Java.net Projects Now on Maven Central Repository
Sonatype, the chief commercial supporter of the open-source Maven project, is working with Oracle to bring Java.net project artifacts to the Maven Central Repository, which the company administers for the Java community.
Sonatype is donating a hosted version of its Nexus repository manager to help Java.net project owners automate and control the synchronization of their artifacts to the Maven repository. Developers can now use the manager to locate and download artifacts from Java.net projects via Maven, which makes it much simpler for Maven project to leverage Java.net project assets Java.net projects such as Glassfish and others are now included in the Central Repository, the companies said.
"Java.net was originally started under the auspices of Sun, and it was a great place for projects to put their stuff," said industry veteran and Sonatype Senior Vice President Larry Roshfeld. "But it wasn't really optimized for consumption. As a result, there were all kinds of great projects started -- some of which have become very prominent, like Glassfish, javax, Jetty, and others -- but it was always a challenge for the users to incorporate the software into their builds. It required a fair amount of manual operation. And it didn't always provide the projects with information about consumption."
"By moving all the Java.net projects into the Central Repository," Roshfeld added, "we've provided the infrastructure for the projects to contribute in a way that's easier for them and gives them the tools to track the level of consumption of their code. But more importantly, it allows the development organizations that are consuming these projects to do it in the same way they're consuming any of the other hundreds of thousands of artifacts from the Central Repository. Whether they using Maven, or another build tool, like Ant or Gradle, or using just a browser to get to the information, the Central Repository just makes it easy to get at whatever versions of the components they need and to make sure that they're not getting snapshot or one-off builds, but things that are actually meant for release."
Sponsored and licensed by the Apache Software Foundation (ASF), Maven is an open-source framework and repository for building and managing Java-based projects. It started as an effort to simplify the build processes in the Jakarta Turbine project (a servlet based framework that helps Java developers quickly build Web applications). Based on the concept of a project object model (POM), Maven can manage a project's build, reporting, and documentation from a central piece of information. The project's goal today is to allow developers to comprehend the complete state of a development project in the shortest period of time.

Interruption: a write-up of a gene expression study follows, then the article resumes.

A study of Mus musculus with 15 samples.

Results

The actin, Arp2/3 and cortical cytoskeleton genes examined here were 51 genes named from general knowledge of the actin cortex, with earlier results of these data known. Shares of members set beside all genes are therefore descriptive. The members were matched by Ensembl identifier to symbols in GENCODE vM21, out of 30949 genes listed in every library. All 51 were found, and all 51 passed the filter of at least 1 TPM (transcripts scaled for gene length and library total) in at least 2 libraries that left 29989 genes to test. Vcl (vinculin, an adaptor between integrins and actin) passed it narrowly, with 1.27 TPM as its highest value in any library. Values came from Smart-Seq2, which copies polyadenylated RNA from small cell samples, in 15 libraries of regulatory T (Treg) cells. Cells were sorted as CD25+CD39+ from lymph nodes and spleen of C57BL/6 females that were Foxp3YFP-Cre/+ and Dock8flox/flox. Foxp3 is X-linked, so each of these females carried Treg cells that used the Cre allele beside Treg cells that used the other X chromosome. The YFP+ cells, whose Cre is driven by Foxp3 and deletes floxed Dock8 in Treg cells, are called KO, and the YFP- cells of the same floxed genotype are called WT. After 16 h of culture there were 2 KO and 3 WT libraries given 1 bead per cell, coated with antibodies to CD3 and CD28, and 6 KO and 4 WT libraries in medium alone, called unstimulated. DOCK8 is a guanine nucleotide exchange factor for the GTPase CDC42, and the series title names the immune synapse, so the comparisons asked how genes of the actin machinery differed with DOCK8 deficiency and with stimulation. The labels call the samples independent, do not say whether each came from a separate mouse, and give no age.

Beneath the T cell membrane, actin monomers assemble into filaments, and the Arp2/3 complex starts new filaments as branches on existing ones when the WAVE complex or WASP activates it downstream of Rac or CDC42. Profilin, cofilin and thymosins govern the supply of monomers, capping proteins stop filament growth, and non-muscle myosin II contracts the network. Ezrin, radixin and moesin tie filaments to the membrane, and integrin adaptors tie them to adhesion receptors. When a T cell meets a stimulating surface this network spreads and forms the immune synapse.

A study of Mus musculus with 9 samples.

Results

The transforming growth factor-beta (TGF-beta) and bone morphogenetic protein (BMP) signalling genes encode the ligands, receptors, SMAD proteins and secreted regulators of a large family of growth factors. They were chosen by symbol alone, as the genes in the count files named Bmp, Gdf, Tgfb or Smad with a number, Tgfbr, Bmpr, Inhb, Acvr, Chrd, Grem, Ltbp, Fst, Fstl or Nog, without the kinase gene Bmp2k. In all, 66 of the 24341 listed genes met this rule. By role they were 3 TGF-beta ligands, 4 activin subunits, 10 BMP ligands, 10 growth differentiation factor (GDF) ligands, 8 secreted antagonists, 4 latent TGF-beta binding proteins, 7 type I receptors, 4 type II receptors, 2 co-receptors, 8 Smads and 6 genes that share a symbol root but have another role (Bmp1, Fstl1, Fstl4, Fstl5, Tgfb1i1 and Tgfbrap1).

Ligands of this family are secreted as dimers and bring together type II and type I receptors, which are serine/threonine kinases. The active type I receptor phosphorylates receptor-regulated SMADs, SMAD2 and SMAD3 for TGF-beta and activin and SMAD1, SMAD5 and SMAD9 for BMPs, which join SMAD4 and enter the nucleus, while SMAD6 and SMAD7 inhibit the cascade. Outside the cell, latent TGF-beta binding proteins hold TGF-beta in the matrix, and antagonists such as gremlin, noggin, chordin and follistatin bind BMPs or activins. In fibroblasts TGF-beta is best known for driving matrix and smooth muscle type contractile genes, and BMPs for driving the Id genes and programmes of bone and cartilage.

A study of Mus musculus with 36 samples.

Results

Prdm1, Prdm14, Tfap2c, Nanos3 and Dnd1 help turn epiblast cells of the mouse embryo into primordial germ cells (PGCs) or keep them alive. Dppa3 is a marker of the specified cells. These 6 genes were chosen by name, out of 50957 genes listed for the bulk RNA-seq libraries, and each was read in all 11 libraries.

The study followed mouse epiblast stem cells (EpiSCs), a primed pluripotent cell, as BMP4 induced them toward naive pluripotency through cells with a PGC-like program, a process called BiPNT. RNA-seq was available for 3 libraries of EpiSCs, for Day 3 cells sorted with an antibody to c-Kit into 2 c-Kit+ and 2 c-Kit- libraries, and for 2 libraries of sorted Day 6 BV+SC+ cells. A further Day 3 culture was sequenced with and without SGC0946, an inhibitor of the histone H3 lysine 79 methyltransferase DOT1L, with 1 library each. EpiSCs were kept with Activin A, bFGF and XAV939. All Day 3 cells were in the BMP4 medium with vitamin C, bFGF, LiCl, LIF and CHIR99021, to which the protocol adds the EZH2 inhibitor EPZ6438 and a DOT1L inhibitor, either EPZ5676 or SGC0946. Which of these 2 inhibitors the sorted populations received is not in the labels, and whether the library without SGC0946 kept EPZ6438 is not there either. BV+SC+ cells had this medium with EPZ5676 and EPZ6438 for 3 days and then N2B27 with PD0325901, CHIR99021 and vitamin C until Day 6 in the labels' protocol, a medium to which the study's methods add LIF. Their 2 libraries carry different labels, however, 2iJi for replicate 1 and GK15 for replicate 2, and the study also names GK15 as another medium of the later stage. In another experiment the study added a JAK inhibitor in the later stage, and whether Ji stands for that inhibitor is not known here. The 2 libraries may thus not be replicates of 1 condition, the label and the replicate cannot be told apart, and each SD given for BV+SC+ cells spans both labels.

Created in 2001, the Central Repository is accessed by developers nearly four billion times per year, Sonatype reports, making it one of the most visited services on the Web. Such projects as NetBeans, Oracle JDeveloper, Eclipse, Apache Maven, Ant, Gradle and Nexus use the repository to access Java components. Java.net claims more than 600,000 members and 2,000 projects currently in development.
Sonatype and Oracle have worked together before. In May of this year, the two companies joined forces to provide architectural improvements to Hudson, the open-source, Java-based continuous integration (CI) server that Oracle donated to the Eclipse Foundation.
"We worked with Sun for quite a while," Roshfeld said. "Then we continued to work with, not only the Sun folks who ended up at Oracle, but the Oracle tools folks. And then we collaborated on the Hudson move. The work we're doing on Java.net actually goes back to conversations that started a year ago, so it really predated the Hudson work and just came to fruition."
Sonatype and Oracle are encouraging owners of Java.net projects not already a part of the Central Repository ecosystem to visit this page for more information.
John K. Waters is the editor in chief of a number of Converge360.com sites, with a focus on high-end development, AI and future tech. He's been writing about cutting-edge technologies and culture of Silicon Valley for more than two decades, and he's written more than a dozen books. He also co-scripted the documentary film Silicon Valley: A 100 Year Renaissance, which aired on PBS. He can be reached at [email protected].